Quickstart

How to export query results for model training and serving.

Example Modeling Problem

We'll begin by laying out a simple modeling problem. The goal is to build a model predicting if a given purchase will result in a fraud report within the next 30 days given two event tables; a Purchase table and a FraudReport table.

To train a model a data scientist produces separate training and validation datasets. These datasets will be created by partitioning the full set of training examples into two time ranges, one spanning the years 2000-2015 and another spanning the years 2015-2020.

Two query variables $start_time and $end_time are used to dynamically constrain the examples produced by each query. We'll execute this query twice, once to produce the training dataset and another to produce the validation dataset. The training query will provide start and end times 2000-2015, while the validation query will provide times 2015-2020.

Usage Note - The fenlmagic extension is designed to make it easy to interactively explore your dataset. When you're ready to train a model we recommend using the Python client. The python client exposes the full functionality of the Kaskada API and is better suited to tasks such as managing Views, Tables, and making multiple queries with different query variables.

The below query uses the fenlmagic flag --var which assigns the query string to a local variable named predictors and examples. We'll use the examples variable as the query string when we make the training and validation queries. We’ll then use the predictors variable as the query string to get to production.

%%fenl --var predictors

let AveragePurchaseByCustomer = Purchase 
  | with_entity_key($input.customer_id)
  | mean()

in record{
  purchase_total: Purchase.total | last(),
  mean_purchase: AveragePurchaseByCustomer | lookup(Purchase.customer_id)
}

%%fenl --var examples

let examples = predictors
  | when(!is_null(Purchase))
  | shift_by(days = 30)
  | with { target: count(FraudReport) > 0 }

in examples
  | when($start_time <= time_of($input) and time_of($input) < $end_time)

Training a Model Locally

Depending on the size of your training dataset and how you intend to train a model, you may want to copy the training features locally or transfer them to a remote data store. We'll begin with the simple case of training locally.

Begin by making the training dataset query and reading the resulting file into a dataframe.

training_resp = compute.query(
  expression = examples,
  variables = {
    "$start_time": "datetime(2000, 1, 1)",
    "$end_time": "datetime(2015, 1, 1)",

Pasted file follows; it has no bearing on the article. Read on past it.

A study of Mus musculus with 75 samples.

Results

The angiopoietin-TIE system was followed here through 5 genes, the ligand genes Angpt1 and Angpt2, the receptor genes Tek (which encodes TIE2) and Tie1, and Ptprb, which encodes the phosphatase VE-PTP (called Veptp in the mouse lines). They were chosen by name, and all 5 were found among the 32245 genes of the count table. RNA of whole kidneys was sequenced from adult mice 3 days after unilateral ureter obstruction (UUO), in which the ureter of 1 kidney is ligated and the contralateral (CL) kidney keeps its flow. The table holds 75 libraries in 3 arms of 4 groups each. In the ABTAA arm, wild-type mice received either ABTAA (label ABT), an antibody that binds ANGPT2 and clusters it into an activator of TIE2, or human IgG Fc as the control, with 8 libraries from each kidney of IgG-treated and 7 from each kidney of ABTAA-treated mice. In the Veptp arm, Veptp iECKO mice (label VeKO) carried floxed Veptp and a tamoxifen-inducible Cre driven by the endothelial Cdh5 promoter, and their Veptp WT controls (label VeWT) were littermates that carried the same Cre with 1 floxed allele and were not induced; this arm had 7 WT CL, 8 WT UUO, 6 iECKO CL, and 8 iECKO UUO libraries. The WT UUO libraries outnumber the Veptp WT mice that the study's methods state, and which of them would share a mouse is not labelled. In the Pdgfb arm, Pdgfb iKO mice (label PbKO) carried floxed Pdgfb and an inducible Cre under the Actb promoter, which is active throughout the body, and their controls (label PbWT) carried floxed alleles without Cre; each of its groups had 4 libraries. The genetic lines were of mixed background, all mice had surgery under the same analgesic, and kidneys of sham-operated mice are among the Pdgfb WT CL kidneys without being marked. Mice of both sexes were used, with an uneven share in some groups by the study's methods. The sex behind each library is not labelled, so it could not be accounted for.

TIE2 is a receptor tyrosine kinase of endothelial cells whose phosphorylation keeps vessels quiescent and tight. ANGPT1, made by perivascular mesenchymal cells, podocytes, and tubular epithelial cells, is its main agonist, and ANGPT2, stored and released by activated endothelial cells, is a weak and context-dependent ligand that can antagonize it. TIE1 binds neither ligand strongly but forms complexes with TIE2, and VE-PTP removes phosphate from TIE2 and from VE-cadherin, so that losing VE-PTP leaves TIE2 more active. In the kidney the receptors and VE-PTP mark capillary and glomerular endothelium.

},
  client = client,
)
training = pandas.read_parquet(training_resp.parquet.path, engine = "pyarrow")

Now we make the same query, but provide different query variables to control which examples are included.

validation_resp = compute.query(
  expression = examples,
  variables = {
    "$start_time": "datetime(2015, 1, 1)",
    "$end_end": "datetime(2020, 1, 1)",
  },
  client = client,
)
validation = pandas.read_parquet(validation_resp.parquet.path, engine = "pyarrow")

We're finally ready to train a model. This shows a simple linear regression model.

from sklearn.linear_model import LogisticRegression

X_train = training.drop('target', axis = 1)
y_train = training['target']
X_validation = validation.drop('target', axis = 1)
y_validation = validation['target']

model = LogisticRegression(max_iter=1000)
model.fit(X_train, y_train)

trained_model.score(X_validation, y_validation)

Getting to production

Kaskada's feature engine connects directly to event-based data allowing you to compute historical features directly, specify your model context iteratively, join values between entities without leakage, and share feature definitions in production.

Here we compute all historical feature values for all known entities and cache in a feature store, in this case, Redis. We simply reuse the feature definitions that were used for training and compute with a time of now.

Fenl expressions can be shared and re-used by creating a view. A view is a named expression. In subsequent Fenl expressions the view's name is synonymous with the view's expression. Views are persisted in the Kaskada platform and are accessible to any user within an organization.

To create a view, we can use the predictors variable to create a view using the Python client without re-typing the expression. The “examples” query computed the features at historical times, the below is the same query made available in a view for use at any point in the future.

from kaskada import view

view.create_view(
  name = "ChurnFeatures", 
  expression = predictors,
  client = client,
)

We've now created a view named ChurnFeatures. We can verify it was created successfully by searching for views matching the name:

view.list_views(search = "Churn")

Now that we've created a view, let's look at how the view can be used. We can use a view's name anywhere we could use the view's expression - the only restriction placed on views is that they must be valid Fenl expressions. Here's an example of using a view to populate the feature values into Redis directly from a Jupyter Notebook.

%%fenl --to-redis redisai
ChurnFeatures

From here, a data engineer or software engineer simply needs to query Redis to get the results.

redis-cli -h redisai AI.TENSORGET
  YyO+tlZtAXYXoZhNr3Vg3+dfVQvrBVGO8j1mfqe4ZHc= values
Congratulations, you've completed this quickstart and now know how to take features built with Kaskada to train a model and get to production. Your next step is to read a case study showing how to build better models, start with this Survivorship and Churn case study.